Meet: Nicola Anthony
Nicola Anthony studied Foundation Diploma in Art & Design at Central Saint Martins in 2003. She has been working as an artist ever since, and was recently selected to create a sculpture for the 28th Southeast Asian Games in Singapore. She used 10,000 ping pong balls, each inscribed with a wish from 5000 students, teachers, families, the public, folk back home in the UK, and even Singapore’s beloved national table tennis players…
What made you decide to come to London and study Art & Design? And what specifically interested you about Central Saint Martins?
London is the hub of the creative world, where many cultures, subcultures and a deep history infuse the city. I had visited the degree shows many times and just felt drawn to CSM.
Did it help you prepare for life after graduation?
Training was intense, as is London and the art world. It taught me to constantly push myself and be proactive. Living in London also gave me the ability to adapt to life in other cities where I have lived and travelled – currently Singapore.
What tips would you give to new students preparing to study the degree at CSM?
Use the course to its fullest. Grab every opportunity you can to learn and gain new skills while you have the space, tutors and equipment at your fingertips.
What was the most important thing you did after graduation?
I got my own space in London, and then I made the decision to ignore the competitive and cagey side of the art world and instead approached it in an open manner. I am always happy to help other artists in their practice and careers, and so I am surrounded by a supportive network who will also help and advise me.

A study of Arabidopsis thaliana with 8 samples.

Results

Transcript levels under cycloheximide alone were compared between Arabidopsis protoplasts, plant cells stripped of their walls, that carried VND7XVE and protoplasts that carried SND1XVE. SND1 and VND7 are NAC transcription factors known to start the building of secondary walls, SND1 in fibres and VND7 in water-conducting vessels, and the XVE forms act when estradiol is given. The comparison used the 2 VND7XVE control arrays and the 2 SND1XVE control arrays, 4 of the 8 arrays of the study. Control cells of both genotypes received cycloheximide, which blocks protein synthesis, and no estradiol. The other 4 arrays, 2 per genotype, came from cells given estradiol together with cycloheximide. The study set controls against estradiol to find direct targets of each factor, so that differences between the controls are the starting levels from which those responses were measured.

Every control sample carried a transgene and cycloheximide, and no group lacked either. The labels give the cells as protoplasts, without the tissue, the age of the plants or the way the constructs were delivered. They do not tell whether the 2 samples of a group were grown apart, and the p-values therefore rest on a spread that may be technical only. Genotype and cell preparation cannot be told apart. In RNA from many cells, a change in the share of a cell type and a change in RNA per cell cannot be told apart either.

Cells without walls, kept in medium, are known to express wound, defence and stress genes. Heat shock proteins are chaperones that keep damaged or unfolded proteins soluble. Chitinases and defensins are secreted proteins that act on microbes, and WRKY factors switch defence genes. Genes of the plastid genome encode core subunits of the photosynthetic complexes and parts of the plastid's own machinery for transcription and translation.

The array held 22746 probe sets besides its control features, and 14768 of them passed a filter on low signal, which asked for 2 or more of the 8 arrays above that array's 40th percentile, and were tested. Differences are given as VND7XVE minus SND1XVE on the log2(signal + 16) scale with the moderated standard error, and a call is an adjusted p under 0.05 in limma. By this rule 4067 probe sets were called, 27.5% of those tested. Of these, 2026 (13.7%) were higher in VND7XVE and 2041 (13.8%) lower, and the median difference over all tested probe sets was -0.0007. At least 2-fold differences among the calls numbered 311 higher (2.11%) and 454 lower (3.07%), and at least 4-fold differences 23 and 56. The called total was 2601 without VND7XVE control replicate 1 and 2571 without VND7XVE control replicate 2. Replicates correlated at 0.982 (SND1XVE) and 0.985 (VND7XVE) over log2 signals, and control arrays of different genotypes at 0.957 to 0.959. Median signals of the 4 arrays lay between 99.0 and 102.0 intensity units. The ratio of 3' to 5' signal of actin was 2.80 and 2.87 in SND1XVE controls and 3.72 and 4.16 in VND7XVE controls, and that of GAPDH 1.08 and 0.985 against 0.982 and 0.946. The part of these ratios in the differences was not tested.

Tell us about your career highlights so far, and how your sculpture came to be commissioned for the 28th Southeast Asian (SEA) Games…
I’ve been creating large works in Asia, as well as working with the human voice – often doing opening calls for my Word Collection or inviting select communities to become the subject of the artwork. For this sculpture the SEA Games wanted to get that human voice across, so they invited me to propose an idea. I think the fact that I wanted to do something slightly mad with Ouroboros – work with over 5000 individuals, and use 10,000 ping pong balls as material convinced them it was extraordinary enough to represent the SEA games!
I’m also showing in an exhibition on Brick Lane opening this week on 18th June – EX PARTE – which is selected by curator Annie Jael Kwan to showcase key artists who work in the UK and Singapore. For me this is great recognition and a poignant link between my two worlds. For the first time ever I am presenting quite a personal work where the subject is the journey between my two homes.
Next year I have been invited on the NPE residency in Asia, which is a collaboration with a printing factory. I hope to use the time to develop some ideas that have been infusing on the back burner.
Who/What is your greatest inspiration?
There are so many. Being inspired is important. I like to learn from the passion and spirit of others from the Art world and further afield – I watch a lot of TED talks!
It sounds clichéd, but my first inspiration to become a professional artist was the Young British Artists show. I read a lot about them and the way their careers came about, I saw that they were able to create unconventional pieces.
Anything else exciting to mention?
Actually I’ll be giving a talk in London at 2pm on Saturday so do come to find out more about a new work called Six Thousand Moments at EX PARTE. I hand collected and hand numbered 6000 seeds in Asia. Each number relates to an entry in the archive of seed memories, a log of the moments in which each was collected. The audience are invited to pick up a seed to keep, thereby sharing those stories with me. You can watch a video about the exhibition here.